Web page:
Building Meaning : An Architecture Studio Primer on Design, Theory, and History book cover
SAVE
$8.59
1st Edition

Building Meaning
An Architecture Studio Primer on Design, Theory, and History




  • Available for pre-order. Item will ship after December 28, 2021
ISBN 9780367621575
December 28, 2021 Forthcoming by Routledge
312 Pages 270 Color Illustrations

 
SAVE ~ $8.59
was $42.95
USD $34.36

Prices & shipping based on shipping country


Preview

Book Description

Building Meaning: An Architecture Studio Primer on Design, Theory, and History is an essential introduction to the complex relationship between form making, historical analysis, and conceptual explorations. This book focuses on the relationship and interdependence between design, theory, and history for an innovative and holistic studio approach.

Rather than suggest a singular narrative, this book draws from a diverse range of thinkers and designers to highlight the many interpretations of key architectural concepts, and provides readers with the context essential for developing their own approaches to any design problem.

Building Meaning is organized to reflect the typical studio process, with stand-alone chapters that provide flexibility for use at any stage of design. The ideal book for beginning and intermediate architecture students, it gives specific methods to apply in the studio to make the most of the design process, as well as focused exercises to creatively explore each concept presented. Illustrated with over 200 color images, it enables readers to engage and understand critically the genesis of architectural ideas and their role in our social and cultural experience.

Table of Contents

Table of Contents

Acknowledgements

Introduction

How to Use this Book

Chapter 1. Context

Architectural Precedents

Urban Fabric

Historical Interpretations

Context in Design

Context in Crisis

Suggested Exercises

Further Reading

Chapter 2. Inhabitation

Program

User Groups

Scale

Perspective and Phenomenology

Time and Movement

Suggested Exercises

Further Reading

Chapter 3. Building Organization

Generative Diagramming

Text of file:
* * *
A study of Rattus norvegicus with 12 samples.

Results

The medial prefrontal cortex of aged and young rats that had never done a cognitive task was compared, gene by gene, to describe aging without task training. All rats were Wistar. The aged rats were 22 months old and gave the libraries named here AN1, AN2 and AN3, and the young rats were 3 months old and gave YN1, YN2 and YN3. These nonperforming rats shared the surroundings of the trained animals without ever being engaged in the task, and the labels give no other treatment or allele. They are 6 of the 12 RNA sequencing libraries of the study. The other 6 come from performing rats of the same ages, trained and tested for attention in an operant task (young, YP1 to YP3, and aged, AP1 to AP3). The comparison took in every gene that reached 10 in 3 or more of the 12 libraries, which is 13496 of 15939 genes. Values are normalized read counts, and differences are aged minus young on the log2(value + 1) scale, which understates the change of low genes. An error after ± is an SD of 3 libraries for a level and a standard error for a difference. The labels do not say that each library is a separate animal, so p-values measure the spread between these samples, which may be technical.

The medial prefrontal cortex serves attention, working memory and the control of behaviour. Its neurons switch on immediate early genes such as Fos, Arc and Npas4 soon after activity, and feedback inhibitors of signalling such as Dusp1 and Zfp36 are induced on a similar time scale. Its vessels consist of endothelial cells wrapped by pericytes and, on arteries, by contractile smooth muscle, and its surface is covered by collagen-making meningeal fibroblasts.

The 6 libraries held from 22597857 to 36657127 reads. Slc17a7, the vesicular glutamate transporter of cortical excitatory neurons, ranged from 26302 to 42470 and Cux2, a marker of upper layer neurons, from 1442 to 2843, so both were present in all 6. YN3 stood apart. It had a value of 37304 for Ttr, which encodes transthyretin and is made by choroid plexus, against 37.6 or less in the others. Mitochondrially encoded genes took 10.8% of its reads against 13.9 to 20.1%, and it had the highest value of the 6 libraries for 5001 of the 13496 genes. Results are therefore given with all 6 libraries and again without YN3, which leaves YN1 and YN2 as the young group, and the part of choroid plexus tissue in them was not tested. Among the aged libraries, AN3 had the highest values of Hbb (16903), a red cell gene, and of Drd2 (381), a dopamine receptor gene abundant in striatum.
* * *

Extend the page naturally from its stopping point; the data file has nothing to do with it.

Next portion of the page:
Objective Organization

Internal Organization

Subjective Organization

Conceptions of Space

Suggested Exercises

Further Reading

Chapter 4. Form

Understanding Form

Form as Ideal

Form and Culture

Form as Language

Parametric Architecture

Suggested Exercises

Further Reading

Chapter 5. Nature

Inside/Outside

Ground as Datum

Attitudes Toward Nature

The Vocabulary of Nature

Sustainability

Suggested Exercises

Further Reading

Chapter 6. Tectonics and Materiality

Basic Structural Principles

Structural Systems

Tectonic Expression

Materiality

Light

Suggested Exercises

Further Reading

Chapter 7. Representation

Basic Representational Tools

Historical Development

Drawings and their Role in Architecture

Visionary Architecture

Architecture in Other Media

Suggested Exercises

Further Reading

Chapter 8. Design Methodologies

The Design Concept

Trust the Diagram

Design Critically

Iterate and Translate

Embrace Uncertainty

Suggested Exercises

Further Reading

Index

...
View More

Author(s)

Biography

Tamara Metz, adjunct professor in the Architectural Design department at the Massachusetts College of Art and Design in Boston, is an architectural educator with more than 20 years’ teaching experience. She previously taught at Suffolk University, Roger Williams University and the Boston Architectural Center. She studied architecture and philosophy as an undergraduate at the University of Virginia, and went on to earn the Master in Architecture degree, with honors, at the Harvard Graduate School of Design. Prior to shifting her focus to teaching and her solo architecture practice, she worked in top design offices, including (among others) those of Peter Rose + Partners and Brian Healy Architects.

Tamara has taught both undergraduate and graduate studio courses, as well as advanced drawing and research seminars. She has been invited as Guest Critic for studio courses at Northeastern University, Rhode Island School of Design, Roger Williams University, the Massachusetts Institute of Technology, and the Boston Architectural Center. She brings her interest in design and philosophy to her teaching, with an emphasis on conceptual development and methodologies of representation. Her own research centers on design pedagogy and impacting underserved communities through design.